With the calm before the *marketing* storm, let’s make some guesses

How Would You Market HearthStone


A very real reality is that to achieve profitability, Blizzard could technically not look farther than their own existing user base. In the last article I wrote about HearthStone monetization we covered this point. But this isn’t any kind of perspective you would want to at a major studio. It’s not about how many users you can earn without trying, it’s about the awareness and then engagement you develop with your audience.

I really groan when marketing managers rely on PR syndicates and large media buys to market their game – so here are two original ideas on how I would market HearthStone.


Social Leaders

Everyone seems to have a different name for them, but the basic idea is having those with gaming industry influence endorse your game. One of the best strategies I’ve ever worked on was working with YouTube channels with large followings to create videos of them playing your game. The idea isn’t new, but the way we chose to do it is.

The basic strategy everyone goes for is to send through a Steam key so the game can be downloaded by a select few. You drop keys to a dozen or so channel owners and pray they give you a glowing review and publicly endorse your game. Some developers will only even give access to the game upon the condition the game is given a good review or will pay extra for positive feedback. I do not endorse this behaviour on ethical grounds, but also because it is now illegal (in USA) for someone to not explicitly state they were paid to provide a specific stance.

What I suggest you do is this. I was chatting with Hinterland Studios about their upcoming title The Long Dark. It’s a survival sandbox RPG with huge emphasis on realistic survival scenarios. It’s a fairly niche game and handing out copies to YouTubers and other voice leaders might be dangerous if they end up not liking it. Instead, I said this;

“You’ve got to engage the YouTuber with the game so they are excited about the gameplay and actually want to engage their viewres. Watching someone being highly engaged in content is the best advertising. You have a few options:

1. Provide prizes based on how well a player does (based on score or some other achievement). If the YouTuber posts a video of them earning the highest points of all the other gamers they will receive 20 keys go give away to their subscribers or whoever they choose.

2. Encourage production value! Put on a show by setting up a computer outside in the woods in moderately cold weather with specific in game objectives to accomplish before they quit. (Similar to a YouTuber who played Slender in a forest at night)

3. Develop extended narrative. Add an additional handicap for YouTubers to increase the intensity and significance for their failure and success. Getting YouTube viewers emotionally involved with the video will increase the engagement and desire to check out their game for themselves.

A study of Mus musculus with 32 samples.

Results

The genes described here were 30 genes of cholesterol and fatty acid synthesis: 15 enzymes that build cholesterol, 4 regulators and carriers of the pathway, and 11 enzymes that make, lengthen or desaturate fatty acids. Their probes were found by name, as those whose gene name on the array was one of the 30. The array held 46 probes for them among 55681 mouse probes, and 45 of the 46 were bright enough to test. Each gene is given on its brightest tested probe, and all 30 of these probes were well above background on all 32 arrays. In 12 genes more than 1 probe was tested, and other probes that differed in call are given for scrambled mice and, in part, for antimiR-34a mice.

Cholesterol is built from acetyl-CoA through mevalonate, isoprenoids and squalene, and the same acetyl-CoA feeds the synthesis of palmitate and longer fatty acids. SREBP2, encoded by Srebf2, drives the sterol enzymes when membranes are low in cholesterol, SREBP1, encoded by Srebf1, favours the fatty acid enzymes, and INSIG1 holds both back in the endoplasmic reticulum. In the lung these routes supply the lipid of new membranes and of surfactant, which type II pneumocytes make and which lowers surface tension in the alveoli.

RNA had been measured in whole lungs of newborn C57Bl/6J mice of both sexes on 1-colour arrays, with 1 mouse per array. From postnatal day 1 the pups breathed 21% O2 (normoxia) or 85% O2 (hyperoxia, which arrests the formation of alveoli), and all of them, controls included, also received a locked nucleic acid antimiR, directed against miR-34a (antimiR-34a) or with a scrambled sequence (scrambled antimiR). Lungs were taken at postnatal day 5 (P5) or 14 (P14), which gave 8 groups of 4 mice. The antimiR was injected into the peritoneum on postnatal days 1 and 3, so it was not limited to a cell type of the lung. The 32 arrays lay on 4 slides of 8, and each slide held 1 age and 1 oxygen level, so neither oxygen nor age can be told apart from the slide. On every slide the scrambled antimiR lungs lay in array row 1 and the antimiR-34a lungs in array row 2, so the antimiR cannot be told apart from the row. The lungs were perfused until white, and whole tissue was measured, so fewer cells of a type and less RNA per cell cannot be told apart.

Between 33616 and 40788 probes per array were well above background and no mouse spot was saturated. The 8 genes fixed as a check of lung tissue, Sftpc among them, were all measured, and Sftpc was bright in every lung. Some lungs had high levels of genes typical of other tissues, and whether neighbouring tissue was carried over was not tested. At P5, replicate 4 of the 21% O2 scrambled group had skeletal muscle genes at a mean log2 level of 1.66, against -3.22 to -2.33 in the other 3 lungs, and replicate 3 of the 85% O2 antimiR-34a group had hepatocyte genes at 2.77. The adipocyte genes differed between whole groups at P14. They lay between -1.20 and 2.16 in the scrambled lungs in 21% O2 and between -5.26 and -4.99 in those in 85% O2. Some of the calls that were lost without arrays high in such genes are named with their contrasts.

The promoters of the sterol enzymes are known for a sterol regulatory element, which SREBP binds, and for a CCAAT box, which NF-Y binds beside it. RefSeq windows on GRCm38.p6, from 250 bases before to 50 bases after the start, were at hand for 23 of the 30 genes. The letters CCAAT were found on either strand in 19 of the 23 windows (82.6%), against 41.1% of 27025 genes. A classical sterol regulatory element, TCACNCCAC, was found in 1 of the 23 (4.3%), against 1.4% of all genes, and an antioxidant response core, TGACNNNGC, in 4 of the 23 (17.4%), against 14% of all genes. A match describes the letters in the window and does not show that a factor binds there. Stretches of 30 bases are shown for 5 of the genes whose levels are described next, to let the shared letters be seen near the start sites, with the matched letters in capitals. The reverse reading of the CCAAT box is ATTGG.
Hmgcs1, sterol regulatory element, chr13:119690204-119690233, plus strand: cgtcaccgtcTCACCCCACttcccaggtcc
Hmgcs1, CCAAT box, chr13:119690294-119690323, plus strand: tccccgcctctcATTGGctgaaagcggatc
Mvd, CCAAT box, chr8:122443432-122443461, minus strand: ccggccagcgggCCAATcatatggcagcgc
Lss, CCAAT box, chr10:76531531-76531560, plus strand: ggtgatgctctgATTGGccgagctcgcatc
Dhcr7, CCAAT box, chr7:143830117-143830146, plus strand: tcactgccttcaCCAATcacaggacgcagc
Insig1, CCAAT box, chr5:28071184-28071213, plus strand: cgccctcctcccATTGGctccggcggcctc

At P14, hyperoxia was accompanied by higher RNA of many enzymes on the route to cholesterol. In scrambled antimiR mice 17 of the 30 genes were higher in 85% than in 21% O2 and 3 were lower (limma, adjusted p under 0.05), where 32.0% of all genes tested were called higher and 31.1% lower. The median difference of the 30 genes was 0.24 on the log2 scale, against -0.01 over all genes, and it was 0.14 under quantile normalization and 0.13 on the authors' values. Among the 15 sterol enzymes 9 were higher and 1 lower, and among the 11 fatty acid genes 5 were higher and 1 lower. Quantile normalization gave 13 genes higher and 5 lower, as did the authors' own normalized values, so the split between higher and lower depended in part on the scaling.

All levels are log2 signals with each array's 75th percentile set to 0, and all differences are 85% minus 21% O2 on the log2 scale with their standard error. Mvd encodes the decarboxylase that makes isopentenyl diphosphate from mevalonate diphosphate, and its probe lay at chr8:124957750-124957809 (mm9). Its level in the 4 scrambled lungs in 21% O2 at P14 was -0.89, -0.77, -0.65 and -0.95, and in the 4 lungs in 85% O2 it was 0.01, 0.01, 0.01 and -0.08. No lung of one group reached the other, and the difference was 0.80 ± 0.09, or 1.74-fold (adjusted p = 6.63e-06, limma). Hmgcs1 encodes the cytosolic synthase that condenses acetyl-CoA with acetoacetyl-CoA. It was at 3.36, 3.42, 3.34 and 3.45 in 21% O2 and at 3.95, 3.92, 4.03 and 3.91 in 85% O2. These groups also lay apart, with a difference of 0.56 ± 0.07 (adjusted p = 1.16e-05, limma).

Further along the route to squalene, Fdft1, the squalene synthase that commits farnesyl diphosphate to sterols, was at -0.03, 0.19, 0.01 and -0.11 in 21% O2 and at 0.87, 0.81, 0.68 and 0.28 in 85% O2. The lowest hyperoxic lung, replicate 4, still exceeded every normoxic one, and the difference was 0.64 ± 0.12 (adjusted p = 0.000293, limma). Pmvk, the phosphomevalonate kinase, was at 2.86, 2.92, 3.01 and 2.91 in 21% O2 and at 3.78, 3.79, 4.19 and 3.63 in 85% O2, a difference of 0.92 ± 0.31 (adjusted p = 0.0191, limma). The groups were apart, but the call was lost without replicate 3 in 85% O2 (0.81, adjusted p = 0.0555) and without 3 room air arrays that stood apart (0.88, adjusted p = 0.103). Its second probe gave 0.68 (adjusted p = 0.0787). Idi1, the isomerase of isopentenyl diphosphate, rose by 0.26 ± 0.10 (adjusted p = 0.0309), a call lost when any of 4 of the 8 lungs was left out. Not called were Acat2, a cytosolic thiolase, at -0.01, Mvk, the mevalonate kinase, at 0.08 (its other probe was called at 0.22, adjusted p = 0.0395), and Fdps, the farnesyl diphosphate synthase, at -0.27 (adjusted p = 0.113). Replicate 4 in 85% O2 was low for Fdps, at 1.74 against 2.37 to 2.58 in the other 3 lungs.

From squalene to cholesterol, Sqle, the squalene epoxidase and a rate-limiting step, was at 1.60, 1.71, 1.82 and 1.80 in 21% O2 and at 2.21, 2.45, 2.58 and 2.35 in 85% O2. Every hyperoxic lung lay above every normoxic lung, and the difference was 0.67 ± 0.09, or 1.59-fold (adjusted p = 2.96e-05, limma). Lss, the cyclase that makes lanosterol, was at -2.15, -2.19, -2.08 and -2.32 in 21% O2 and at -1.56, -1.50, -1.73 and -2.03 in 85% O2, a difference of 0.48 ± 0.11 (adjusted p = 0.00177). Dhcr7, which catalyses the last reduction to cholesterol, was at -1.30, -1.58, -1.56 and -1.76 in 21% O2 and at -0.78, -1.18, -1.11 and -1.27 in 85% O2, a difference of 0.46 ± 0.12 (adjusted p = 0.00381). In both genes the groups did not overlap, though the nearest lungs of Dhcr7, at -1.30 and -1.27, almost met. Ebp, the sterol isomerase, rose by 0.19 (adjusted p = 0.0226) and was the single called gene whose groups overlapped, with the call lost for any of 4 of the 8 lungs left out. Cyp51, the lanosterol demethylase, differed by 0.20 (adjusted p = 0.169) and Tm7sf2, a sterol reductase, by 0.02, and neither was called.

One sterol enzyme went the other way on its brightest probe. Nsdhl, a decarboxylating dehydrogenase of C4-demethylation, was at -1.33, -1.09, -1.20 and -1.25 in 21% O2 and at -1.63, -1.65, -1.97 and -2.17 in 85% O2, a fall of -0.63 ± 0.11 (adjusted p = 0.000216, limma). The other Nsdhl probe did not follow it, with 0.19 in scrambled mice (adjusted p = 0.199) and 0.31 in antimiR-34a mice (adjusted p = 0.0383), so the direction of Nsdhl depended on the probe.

This is just a rough example of how I would do it for The Long Dark, but the same principal can be applied to any new title release.


Cross Market

As I mentioned in part 2, HearthStone begs to use the cross product marketing strategy. The core concept relies on the fact that the user base in your other games will be a relevant audience for your new game. By encouraging users in your existing franchises to try your new product, you are accessing your target demographic without any marketing expenditure. 

Let’s say we’re Blizzard and we’re doing exactly this. We want to leverage our other games;

– StarCraft 2

– Diablo 3

– World of Warcraft

The intention behind showing users in our other games HearthStone is not just to gain an ad impresion, we want to engage them (as is my mantra)! Successful engagement is when we actually have them excited and gain access to HearthStone content when they would otherwise not be even interested. All well and fine to say the theory, but what does this look like in practice;

– Having WoW in game events which allow players to earn in game currency redeemable in HearthStone for more card packs.

– StarCraft Arcade minigames centered around HearthStone Content with the top 1,000 players on the score leaderboard earning exclusive HearthStone card editions (vanity based, not enhanced abilities).

– Earn a legendary card for speed running Diablo 3 final act without dying.

The overall objective with all of these events is the require the player to input significant effort into receiving the reward which will raise the perceived value of the offering. Players will then be more eager to use or redeem their reward once earned (so they didn’t spend 2 hours for nothing).